Acorn Squash

Cucurbita pepo var. turbinata

Also known as

Pepper Squash, Des Moines Squash, Baked Potatoes Squash

Cucurbita pepo Acorn squash - Squash V by Christopher Sessums (CC BY-SA 2.0)

Full Sun
Easy care
Moderate watering
Half-hardy

10a

USDA zone

-1°C

Minimum temperature

Expected size

Height
Spread

50cm

Max

4m

30cm

Min

1m

Fruiting

  • spring
  • summer
  • autumn
  • winter

Most squash cultivars will be ready to harvest about 8 -12 weeks after sowing. Remove the squashes with a 20 - 40 mm stem using a sharp pair of secateurs. Young 'baby' squash can be eaten with skin and pips!

More images of Acorn Squash

A pile of green Cucurbita pepo var. turbinata Acorn Squash

Acorn Squash Overview

Acorn Squash, Cucurbita pepo var. turbinata is a variety of Winter Squash from the family. Also known by the names Pepper Squash or Des Moines Squash. Acorn Squashes are small and rounded, with a ridged surface, coloured dark green, with yellow-orange flesh inside.

Common problems with Acorn Squash

Be on the lookout for pests like Red Spider Mite, Thrips, Whiteflies, Slugs and Snails.

Acorn Squash Companion Plants

Some vegetables inter-planted with your Summer Squash can repel these pests. Radishes, repel Squash Vine Borers and Cucumber Beetles, while Garlic repels Aphids. Planting your squash at the base of maize plants can "disorients" the squash vine borer. Radishes attract flea beetles to their foliage and away from your summer squash. Summer Squash benefit from being planted with any type of bean or pea, as these fix nitrogen into the soil, which is taken up by the squash roots. Squash is often planted with beans and maize as part of a traditional "three sisters" garden. Maize provides a support for climbing beans, squash, with its prickly leaves, keeps mammal predators away from developing maize, and beans provide nitrogen to both plants. Maize also has the benefit of producing a lot of pollen, which attracts more bees to pollinate your squash blossoms. Borage, an annual herb, attracts bees for pollination, and its leaves can be mulched around the squash plant to help put calcium back into the soil to prevent the calcium deficiency that causes blossom-end rot. Sink a pot of mint near your squash plants to draw away aphids. Seed orange and yellow Nasturtiums around Squash and throughout your garden as they draw away aphids, cucumber beetles and whiteflies, among many other pests. As a bonus, the blossoms are edible, with a sharp radish-like taste. Dill is also a good companion to squash as the herb is said to repel squash bugs as well as aphids and whiteflies.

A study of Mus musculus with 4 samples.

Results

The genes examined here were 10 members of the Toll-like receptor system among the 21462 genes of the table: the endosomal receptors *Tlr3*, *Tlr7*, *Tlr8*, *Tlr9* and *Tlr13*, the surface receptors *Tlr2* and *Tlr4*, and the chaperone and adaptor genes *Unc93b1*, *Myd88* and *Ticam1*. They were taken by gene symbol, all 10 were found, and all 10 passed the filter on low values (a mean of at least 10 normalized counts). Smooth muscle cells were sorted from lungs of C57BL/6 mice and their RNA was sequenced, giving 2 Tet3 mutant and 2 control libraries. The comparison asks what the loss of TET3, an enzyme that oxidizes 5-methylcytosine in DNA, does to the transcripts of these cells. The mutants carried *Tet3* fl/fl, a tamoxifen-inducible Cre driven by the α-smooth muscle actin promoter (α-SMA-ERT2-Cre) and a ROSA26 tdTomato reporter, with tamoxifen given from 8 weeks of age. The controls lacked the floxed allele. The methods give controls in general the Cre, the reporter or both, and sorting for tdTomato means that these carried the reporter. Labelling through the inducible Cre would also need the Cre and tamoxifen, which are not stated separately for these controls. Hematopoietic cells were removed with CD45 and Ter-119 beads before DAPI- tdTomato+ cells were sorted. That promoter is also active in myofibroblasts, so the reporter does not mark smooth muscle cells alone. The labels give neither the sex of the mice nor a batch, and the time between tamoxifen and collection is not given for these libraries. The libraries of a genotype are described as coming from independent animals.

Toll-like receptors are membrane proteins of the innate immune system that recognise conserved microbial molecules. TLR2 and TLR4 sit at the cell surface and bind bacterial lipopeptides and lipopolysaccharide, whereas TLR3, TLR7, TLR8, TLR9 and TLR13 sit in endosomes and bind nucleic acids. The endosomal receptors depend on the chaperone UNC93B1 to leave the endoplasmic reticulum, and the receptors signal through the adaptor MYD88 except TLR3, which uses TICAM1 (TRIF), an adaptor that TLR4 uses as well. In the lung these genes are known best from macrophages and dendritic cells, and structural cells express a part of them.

How to propagate Acorn Squash

Seed

Sow seeds in situ in spring after the last frost date. Plant about 2 cm deep and 60 - 90 cm apart, angle the pips to allow water to drain. It takes 7 to10 days to germinate.

Special features of Acorn Squash

Crop rotation

Summer squash are heavy feeders, follow with legumes.

Attracts useful insects

Bees are needed to pollinate the flowers.

Attractive fruits

Other uses of Acorn Squash

Culinary

Edible

The fruit, flowers and seeds are edible. The fruit when harvested mature needs to be boiled or steamed. When harvested with a soft skin they can be eaten raw or used in cooking and baking.